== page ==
A desert in Saudi Arabia has transformed into an outdoor art exhibition

Feb 10 2020, 1:52 pm

Saudi Arabia may not necessarily be the first destination that comes to mind when thinking of destinations for admiring art.

However, from now until March 7, 2020, it will be the location of a fascinating outdoor art installation sure to attract global attention.



Desert X Al-ʿUla is “an exploration of desert culture,” the official website explains.

“The exhibition is a cross-cultural dialogue between artists from Saudi Arabia and its surrounding region and artists from previous iterations of Desert X in California, taking its cues from the extraordinary landscape and historical significance of Al-ʿUla.”

The desert remains somewhat undiscovered by the rest of the world, and this exhibition is sure to draw more attention to the beauty of this magical landscape.

It is also the first “site-responsive” exhibition of its kind to take place in The Kingdom, according to the website.



The event has previously taken place in the desert of Coachella Valley in California, in 2017 and 2019.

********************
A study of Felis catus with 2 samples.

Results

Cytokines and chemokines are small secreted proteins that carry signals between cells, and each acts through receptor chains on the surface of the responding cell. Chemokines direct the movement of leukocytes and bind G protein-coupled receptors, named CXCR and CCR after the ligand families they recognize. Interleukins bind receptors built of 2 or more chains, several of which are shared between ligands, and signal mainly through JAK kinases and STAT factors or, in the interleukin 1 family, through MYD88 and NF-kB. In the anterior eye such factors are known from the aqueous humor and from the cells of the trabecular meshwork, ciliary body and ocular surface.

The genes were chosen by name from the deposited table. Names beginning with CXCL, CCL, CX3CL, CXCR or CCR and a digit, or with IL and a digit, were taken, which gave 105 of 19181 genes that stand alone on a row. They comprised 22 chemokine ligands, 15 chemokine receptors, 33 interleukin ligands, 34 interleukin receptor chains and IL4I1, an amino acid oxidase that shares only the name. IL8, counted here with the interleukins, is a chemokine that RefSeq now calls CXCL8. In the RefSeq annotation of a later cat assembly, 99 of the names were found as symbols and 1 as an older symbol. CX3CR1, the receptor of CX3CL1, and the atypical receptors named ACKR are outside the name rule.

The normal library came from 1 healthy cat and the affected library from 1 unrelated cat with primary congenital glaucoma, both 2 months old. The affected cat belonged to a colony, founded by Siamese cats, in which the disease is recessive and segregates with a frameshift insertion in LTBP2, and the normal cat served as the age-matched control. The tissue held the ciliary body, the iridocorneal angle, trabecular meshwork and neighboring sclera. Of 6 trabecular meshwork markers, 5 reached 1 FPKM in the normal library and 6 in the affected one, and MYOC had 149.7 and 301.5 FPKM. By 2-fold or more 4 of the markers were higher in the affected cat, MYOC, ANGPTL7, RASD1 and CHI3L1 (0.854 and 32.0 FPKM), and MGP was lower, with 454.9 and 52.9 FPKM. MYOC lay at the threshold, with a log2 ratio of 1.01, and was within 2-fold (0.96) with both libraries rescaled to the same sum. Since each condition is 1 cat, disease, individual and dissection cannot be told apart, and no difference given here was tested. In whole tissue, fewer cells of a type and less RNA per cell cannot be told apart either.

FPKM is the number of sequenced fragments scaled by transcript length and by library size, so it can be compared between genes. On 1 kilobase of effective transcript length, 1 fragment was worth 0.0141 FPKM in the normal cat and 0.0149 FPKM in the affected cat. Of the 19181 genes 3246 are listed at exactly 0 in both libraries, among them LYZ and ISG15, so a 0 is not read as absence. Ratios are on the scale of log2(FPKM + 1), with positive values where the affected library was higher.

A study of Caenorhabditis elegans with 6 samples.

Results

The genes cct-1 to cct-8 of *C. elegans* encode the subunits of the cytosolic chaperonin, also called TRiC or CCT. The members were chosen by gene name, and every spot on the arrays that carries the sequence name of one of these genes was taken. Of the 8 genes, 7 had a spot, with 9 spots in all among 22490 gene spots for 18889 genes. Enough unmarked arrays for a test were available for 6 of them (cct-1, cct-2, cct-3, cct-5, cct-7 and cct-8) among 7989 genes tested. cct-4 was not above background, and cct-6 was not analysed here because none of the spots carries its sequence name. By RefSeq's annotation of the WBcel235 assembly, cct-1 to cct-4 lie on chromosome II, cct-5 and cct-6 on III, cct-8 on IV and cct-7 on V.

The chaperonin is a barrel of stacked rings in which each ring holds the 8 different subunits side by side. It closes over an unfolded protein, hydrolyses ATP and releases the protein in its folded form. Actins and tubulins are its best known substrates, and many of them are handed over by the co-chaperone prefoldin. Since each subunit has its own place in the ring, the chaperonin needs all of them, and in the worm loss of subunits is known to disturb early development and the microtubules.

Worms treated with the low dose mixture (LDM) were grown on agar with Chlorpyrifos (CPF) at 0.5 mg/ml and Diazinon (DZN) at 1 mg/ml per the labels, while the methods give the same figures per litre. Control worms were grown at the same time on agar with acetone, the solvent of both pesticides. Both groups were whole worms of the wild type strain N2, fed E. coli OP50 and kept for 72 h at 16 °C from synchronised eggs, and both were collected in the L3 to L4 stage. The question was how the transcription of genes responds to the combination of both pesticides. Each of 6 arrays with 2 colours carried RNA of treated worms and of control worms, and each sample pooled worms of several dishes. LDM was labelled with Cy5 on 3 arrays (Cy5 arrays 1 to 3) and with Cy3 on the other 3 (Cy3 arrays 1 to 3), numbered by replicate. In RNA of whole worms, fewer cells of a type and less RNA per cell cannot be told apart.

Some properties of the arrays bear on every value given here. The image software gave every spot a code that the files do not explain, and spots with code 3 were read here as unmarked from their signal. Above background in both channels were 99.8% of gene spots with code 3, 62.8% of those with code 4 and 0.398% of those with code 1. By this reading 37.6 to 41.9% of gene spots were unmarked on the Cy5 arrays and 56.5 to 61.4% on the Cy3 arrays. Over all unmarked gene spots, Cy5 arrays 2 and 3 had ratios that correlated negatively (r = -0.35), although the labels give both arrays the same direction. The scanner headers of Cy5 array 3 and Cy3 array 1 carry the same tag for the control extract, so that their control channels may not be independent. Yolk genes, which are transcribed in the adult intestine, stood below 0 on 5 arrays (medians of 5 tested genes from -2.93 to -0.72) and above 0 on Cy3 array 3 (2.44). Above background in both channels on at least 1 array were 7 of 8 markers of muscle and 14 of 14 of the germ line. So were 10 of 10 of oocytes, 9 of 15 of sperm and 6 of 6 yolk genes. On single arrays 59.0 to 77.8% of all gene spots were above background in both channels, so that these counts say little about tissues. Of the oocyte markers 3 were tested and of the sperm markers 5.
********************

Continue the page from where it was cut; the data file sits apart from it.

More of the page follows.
Artists with work featured at this installation include American artist Lita Albuquerque, French-Tunisian artist eL Seed, Saudi Arabian artist Manal Aldowayan, and many others.

Albuquerque’s piece, “NAJMA (She Placed One Thousand Suns Over the Transparent Overlays of Space)” is focused on the fictive character Elyseria, a 25th-century female astronaut whose mission is to educate about the stars and their larger connection to navigation and astronomy.



Aldowayan’s piece, “Now You See Me, Now You Don’t,” is meant to mimic the “words that a humble puddle in the desert of Saudi Arabia would say to any of her curious visitors,” the website explains.

The piece consists of trampoline puddles that light up at night.

Aldowayan highlights the urgent threat of climate change and the irresponsible contributions made by man regarding irrigation practices that have led to water scarcity and the impending water crisis.